HC Deb 26 July 1950 vol 478 cc458-9
63. Lieut.-Colonel Sir Thomas Moore

asked the Minister of Food how many pigs were collected in Sussex during the past six months and conveyed in lorries to Wiltshire for slaughter; what percentage were injured by fighting or otherwise in transit; and whether any arrangements are made for ensuring that they shall be transported under satisfactory conditions.

Mr. Webb

Nearly 20,000 during the six months ended 30th June, 1950. Detailed records are not kept of the number of these pigs that might have been injured in transit but five were found dead on arrival. I am assured that satisfactory arrangements are made for transporting them; and, of course, the hauliers concerned have to observe the provisions of the Transit of Animals Order, 1927.

Sir T. Moore

As it is obvious from the right hon. Gentleman's reply that there is quite unnecessary and unjustifiable suffering involved in this method of transport, cannot his advisers suggest something better?

Mr. Webb

I am not really responsible for the actual movement of the pigs. I should not have thought that five out of 20,000 is grave evidence of serious suffering, but, in so far as we can mitigate suffering, I shall be only too willing to co-operate as far as I can.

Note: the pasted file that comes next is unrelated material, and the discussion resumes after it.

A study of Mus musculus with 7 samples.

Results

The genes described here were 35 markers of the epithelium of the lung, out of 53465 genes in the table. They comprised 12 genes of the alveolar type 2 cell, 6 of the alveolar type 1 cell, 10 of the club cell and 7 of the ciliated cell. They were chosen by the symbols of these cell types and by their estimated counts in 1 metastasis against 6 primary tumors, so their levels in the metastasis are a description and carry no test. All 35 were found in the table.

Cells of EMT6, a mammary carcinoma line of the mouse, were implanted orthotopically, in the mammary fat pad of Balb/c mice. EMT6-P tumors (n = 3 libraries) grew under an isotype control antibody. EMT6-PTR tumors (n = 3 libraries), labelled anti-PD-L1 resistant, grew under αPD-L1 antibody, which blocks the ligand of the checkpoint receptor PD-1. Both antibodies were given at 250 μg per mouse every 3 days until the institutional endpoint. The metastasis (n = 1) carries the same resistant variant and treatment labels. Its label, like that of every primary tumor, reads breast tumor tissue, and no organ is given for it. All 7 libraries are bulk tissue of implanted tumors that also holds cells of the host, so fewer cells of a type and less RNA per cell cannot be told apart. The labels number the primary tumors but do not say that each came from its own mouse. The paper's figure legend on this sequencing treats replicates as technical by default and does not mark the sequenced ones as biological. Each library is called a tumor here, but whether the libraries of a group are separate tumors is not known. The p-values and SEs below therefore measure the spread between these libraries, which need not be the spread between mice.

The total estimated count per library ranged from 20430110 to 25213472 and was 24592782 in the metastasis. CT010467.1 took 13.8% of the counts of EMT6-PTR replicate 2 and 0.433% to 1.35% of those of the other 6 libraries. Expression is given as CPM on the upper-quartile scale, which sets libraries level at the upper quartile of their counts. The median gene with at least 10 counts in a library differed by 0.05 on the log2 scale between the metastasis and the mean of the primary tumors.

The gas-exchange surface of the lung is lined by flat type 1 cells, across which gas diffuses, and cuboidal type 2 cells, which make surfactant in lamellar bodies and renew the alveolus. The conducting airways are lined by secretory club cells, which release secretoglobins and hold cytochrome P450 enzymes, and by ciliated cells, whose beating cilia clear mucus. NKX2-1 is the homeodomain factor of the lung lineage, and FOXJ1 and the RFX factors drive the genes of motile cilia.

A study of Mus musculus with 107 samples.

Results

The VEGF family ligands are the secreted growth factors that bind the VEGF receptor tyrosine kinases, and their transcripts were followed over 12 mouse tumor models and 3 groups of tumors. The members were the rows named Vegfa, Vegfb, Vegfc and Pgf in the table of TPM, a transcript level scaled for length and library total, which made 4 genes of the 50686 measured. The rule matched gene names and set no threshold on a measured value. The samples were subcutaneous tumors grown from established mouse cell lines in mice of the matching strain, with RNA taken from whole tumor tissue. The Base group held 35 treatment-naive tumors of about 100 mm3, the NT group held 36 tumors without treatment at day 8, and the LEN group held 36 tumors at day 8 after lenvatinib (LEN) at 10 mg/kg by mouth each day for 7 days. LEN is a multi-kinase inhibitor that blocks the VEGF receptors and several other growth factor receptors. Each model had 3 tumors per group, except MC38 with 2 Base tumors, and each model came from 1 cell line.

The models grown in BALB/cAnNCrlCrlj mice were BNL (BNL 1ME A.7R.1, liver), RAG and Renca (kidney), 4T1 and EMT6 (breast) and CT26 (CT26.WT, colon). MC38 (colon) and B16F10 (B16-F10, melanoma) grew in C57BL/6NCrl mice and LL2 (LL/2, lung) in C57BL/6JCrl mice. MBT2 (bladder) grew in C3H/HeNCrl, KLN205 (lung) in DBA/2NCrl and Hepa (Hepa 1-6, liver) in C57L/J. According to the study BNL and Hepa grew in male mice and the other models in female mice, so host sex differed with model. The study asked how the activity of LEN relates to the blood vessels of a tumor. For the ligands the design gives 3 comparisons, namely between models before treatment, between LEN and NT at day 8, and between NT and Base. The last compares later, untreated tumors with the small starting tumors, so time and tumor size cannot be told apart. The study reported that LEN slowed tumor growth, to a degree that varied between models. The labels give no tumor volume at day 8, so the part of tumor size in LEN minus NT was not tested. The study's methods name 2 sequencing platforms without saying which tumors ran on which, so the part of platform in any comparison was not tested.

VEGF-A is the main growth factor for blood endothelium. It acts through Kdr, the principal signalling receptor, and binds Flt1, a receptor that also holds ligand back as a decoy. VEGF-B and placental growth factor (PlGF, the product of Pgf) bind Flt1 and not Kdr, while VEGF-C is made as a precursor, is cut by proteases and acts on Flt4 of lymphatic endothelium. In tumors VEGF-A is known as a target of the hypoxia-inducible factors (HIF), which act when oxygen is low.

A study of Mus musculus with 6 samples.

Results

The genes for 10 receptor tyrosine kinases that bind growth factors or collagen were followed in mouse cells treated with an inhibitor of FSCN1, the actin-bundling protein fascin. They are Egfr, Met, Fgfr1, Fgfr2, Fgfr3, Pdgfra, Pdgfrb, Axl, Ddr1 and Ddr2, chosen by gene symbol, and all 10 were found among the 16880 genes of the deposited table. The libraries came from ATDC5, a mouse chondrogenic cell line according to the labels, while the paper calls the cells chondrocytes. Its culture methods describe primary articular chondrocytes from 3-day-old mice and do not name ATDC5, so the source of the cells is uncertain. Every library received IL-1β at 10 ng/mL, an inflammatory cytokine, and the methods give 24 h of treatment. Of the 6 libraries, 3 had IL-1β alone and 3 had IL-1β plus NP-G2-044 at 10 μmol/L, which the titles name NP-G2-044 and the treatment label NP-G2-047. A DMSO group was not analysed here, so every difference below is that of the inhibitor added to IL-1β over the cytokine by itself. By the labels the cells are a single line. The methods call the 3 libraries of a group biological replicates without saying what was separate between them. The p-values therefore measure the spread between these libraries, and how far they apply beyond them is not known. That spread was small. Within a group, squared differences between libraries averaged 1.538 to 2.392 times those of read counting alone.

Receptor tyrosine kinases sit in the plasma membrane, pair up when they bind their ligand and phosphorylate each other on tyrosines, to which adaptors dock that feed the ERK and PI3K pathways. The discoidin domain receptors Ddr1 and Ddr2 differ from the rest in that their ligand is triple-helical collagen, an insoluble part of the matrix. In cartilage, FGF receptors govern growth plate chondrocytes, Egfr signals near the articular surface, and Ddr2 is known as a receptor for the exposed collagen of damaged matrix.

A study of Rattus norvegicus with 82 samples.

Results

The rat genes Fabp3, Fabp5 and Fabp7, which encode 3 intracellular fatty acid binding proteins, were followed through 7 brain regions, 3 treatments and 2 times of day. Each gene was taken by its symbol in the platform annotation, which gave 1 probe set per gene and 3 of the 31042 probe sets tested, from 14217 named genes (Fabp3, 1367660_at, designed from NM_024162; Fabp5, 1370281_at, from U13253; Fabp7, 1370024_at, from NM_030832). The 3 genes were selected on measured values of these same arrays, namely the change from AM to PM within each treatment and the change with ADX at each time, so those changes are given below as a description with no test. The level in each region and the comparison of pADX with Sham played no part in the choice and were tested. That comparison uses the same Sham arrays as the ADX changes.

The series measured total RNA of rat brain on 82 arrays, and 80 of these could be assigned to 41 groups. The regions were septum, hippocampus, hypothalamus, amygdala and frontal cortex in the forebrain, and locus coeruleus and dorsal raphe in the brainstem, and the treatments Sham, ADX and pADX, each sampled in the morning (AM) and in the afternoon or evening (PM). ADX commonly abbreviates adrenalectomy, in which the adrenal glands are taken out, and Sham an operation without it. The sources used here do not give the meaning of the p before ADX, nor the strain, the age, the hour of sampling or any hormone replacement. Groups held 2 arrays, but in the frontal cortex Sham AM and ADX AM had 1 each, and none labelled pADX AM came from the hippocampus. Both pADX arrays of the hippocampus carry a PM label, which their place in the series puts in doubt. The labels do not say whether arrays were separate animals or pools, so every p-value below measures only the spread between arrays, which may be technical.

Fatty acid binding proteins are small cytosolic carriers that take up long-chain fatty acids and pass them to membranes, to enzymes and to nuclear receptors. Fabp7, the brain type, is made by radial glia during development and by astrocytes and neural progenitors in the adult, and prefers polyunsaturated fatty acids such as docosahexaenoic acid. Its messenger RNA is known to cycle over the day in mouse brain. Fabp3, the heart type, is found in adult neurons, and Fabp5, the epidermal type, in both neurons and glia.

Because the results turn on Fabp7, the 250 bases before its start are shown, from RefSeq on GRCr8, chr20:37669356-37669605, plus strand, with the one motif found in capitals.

Earl Winterton

As the matter affects the interests of my constituency, will the right hon. Gentleman make quite clear that this is a perfectly legal transit, in the hands of private enterprise, and that it is for the police to prosecute in cases of cruelty?

Mr. Webb

That is so. As I said, they are expected to observe the provisions of the existing Order.

Sir Ralph Glyn

Will the right hon. Gentleman consider giving licences to slaughter-houses in the Home counties so as to avoid the unnecessary transit of pigs?

Mr. Eccles

Is the right hon. Gentleman aware that the factory in my constituency which deals with these pigs receives 5,000 pigs a week, and that they are treated there with the greatest consideration?